County jail begins accepting postcard mail only

People who have become accustomed to sending letters to friends and relatives in the adult detention center will have to get used to something different April 1.

On that day, both incoming and outgoing mail will be restricted to blank postcard style paper, and no picture or photo postcards will be accepted at the Jefferson County jail.

Assistant Jail Administrator Major Tyra Tyler said the change is being made for several reasons. Topping the list is reducing the possibility of contraband getting into the facility.

“We’ve found tobacco, green leafy substances believed to be marijuana and activation codes for cell phones in letters addressed to detainees,” Tyler said. “In one case, we found tobacco in an envelope like an attorney would send, marked legal mail.”

Tyler said officials caught that one because while the name of the attorney on the envelope was real, the address was not.

She said the jail receives more than 50 pieces of mail each day, and all that mail has to be screened before it can be passed out to detainees.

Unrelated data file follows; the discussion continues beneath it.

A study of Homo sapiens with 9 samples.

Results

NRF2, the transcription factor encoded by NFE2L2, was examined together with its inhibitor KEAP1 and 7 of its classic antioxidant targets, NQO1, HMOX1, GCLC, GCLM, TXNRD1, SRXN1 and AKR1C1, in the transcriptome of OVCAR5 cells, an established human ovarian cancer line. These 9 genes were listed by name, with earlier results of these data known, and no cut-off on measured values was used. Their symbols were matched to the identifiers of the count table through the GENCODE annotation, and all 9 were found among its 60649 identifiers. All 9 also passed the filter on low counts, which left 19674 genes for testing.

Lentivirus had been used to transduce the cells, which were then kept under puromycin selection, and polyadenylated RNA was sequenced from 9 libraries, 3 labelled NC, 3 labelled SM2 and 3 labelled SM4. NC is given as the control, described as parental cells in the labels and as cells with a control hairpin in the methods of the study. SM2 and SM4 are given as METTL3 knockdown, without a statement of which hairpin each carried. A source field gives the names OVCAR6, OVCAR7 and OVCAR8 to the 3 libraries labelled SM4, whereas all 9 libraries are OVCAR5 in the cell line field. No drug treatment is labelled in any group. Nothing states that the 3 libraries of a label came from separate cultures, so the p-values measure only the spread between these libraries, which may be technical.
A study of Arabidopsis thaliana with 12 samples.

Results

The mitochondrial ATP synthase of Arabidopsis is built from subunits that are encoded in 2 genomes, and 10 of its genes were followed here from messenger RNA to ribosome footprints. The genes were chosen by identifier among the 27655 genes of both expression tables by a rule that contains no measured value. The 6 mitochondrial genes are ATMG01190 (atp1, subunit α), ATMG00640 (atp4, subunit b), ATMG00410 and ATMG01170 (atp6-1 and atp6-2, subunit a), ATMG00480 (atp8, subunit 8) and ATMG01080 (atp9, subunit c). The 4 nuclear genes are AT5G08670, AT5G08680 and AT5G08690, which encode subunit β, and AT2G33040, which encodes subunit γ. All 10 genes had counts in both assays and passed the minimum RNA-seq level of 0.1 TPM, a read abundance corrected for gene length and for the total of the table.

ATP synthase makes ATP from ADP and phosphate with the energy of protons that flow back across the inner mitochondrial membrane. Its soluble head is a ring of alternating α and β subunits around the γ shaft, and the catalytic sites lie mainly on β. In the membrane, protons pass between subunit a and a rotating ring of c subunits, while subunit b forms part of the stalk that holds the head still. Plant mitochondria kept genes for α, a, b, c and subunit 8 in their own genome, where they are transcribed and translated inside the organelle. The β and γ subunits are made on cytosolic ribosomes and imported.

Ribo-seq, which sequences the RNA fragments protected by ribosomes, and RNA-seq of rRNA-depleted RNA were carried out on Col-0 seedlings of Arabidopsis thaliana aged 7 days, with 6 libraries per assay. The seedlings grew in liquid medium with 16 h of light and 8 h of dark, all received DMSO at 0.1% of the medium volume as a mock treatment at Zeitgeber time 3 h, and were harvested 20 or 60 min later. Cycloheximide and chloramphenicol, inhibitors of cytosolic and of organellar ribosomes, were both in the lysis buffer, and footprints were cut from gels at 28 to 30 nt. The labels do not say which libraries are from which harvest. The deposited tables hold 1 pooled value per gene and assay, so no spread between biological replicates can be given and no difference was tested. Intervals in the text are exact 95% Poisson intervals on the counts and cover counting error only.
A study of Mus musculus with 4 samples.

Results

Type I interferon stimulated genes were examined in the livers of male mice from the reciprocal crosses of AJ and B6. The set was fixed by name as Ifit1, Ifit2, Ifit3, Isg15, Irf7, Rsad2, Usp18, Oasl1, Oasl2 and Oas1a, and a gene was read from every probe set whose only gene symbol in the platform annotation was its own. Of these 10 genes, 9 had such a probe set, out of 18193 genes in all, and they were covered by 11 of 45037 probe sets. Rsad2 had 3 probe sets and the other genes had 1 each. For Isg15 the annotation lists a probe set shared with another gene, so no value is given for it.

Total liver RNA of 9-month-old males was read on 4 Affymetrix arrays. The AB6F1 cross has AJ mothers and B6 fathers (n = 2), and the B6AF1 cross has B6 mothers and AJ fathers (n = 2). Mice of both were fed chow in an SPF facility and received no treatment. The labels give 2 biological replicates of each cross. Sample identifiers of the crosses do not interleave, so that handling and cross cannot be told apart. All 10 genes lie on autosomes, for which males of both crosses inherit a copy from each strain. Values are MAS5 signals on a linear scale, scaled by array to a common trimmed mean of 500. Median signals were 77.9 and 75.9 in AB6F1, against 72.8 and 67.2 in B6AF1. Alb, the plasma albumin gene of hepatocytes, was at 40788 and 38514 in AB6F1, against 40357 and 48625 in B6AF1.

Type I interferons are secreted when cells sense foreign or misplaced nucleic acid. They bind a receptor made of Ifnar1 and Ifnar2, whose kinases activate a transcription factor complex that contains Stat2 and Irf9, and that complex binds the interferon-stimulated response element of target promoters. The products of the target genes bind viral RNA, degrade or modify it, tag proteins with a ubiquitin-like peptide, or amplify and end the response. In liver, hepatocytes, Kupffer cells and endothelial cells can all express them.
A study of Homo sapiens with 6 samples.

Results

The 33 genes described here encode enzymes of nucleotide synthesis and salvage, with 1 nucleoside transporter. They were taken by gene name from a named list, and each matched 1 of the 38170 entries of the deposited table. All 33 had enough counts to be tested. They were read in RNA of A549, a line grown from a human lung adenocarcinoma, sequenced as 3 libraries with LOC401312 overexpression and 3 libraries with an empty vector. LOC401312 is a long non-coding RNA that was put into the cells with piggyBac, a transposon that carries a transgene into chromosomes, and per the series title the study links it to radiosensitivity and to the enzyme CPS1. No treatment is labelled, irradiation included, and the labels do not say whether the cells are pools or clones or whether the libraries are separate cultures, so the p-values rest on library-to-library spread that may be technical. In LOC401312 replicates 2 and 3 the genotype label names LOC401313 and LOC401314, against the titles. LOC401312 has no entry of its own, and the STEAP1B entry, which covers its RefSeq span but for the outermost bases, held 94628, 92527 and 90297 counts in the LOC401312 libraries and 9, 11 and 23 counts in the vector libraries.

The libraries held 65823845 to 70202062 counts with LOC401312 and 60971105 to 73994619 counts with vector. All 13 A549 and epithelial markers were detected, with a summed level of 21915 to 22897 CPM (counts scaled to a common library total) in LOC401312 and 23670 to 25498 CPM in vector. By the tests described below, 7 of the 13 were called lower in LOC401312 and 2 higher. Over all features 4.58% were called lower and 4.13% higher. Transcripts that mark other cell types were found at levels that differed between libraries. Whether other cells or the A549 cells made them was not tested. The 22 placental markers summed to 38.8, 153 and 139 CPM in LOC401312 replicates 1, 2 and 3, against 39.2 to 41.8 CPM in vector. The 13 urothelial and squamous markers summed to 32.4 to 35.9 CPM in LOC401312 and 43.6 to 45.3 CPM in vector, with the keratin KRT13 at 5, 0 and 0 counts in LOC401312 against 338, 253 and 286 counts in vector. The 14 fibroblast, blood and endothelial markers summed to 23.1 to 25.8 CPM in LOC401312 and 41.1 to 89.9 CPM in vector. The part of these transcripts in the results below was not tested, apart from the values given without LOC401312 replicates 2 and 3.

A second reason for the change is to reduce the costs associated with mailing letters for detainees.

Currently, the jail provides two sheets of paper and two envelopes to every detainee in the jail every month, and pays for the postage to mail two letters each month.

“Our postage runs $480 a month, and when the postal service goes up, it affects us,” Tyler said.

Beginning April 1, detainees will receive three postcards a month, as well as the postage to mail those cards, and additional postcards can be purchased through the jail’s commissary program.

“Nobody likes change but we’re not the only facility to go to postcards instead of letters,” Tyler said. “This is something the detainees and their families are going to have to try and adapt to.”

While envelopes containing letters only will not be allowed, Tyler said families and friends of detainees who have been sending envelopes containing money orders so that detainees could make purchases through the commissary program will still be allowed.

“If they include a letter in that envelope, it won’t be delivered, but if they put in a card, the detainee will still get that,” she said.

The delivery of legal mail that is clearly marked will not change, Tyler said.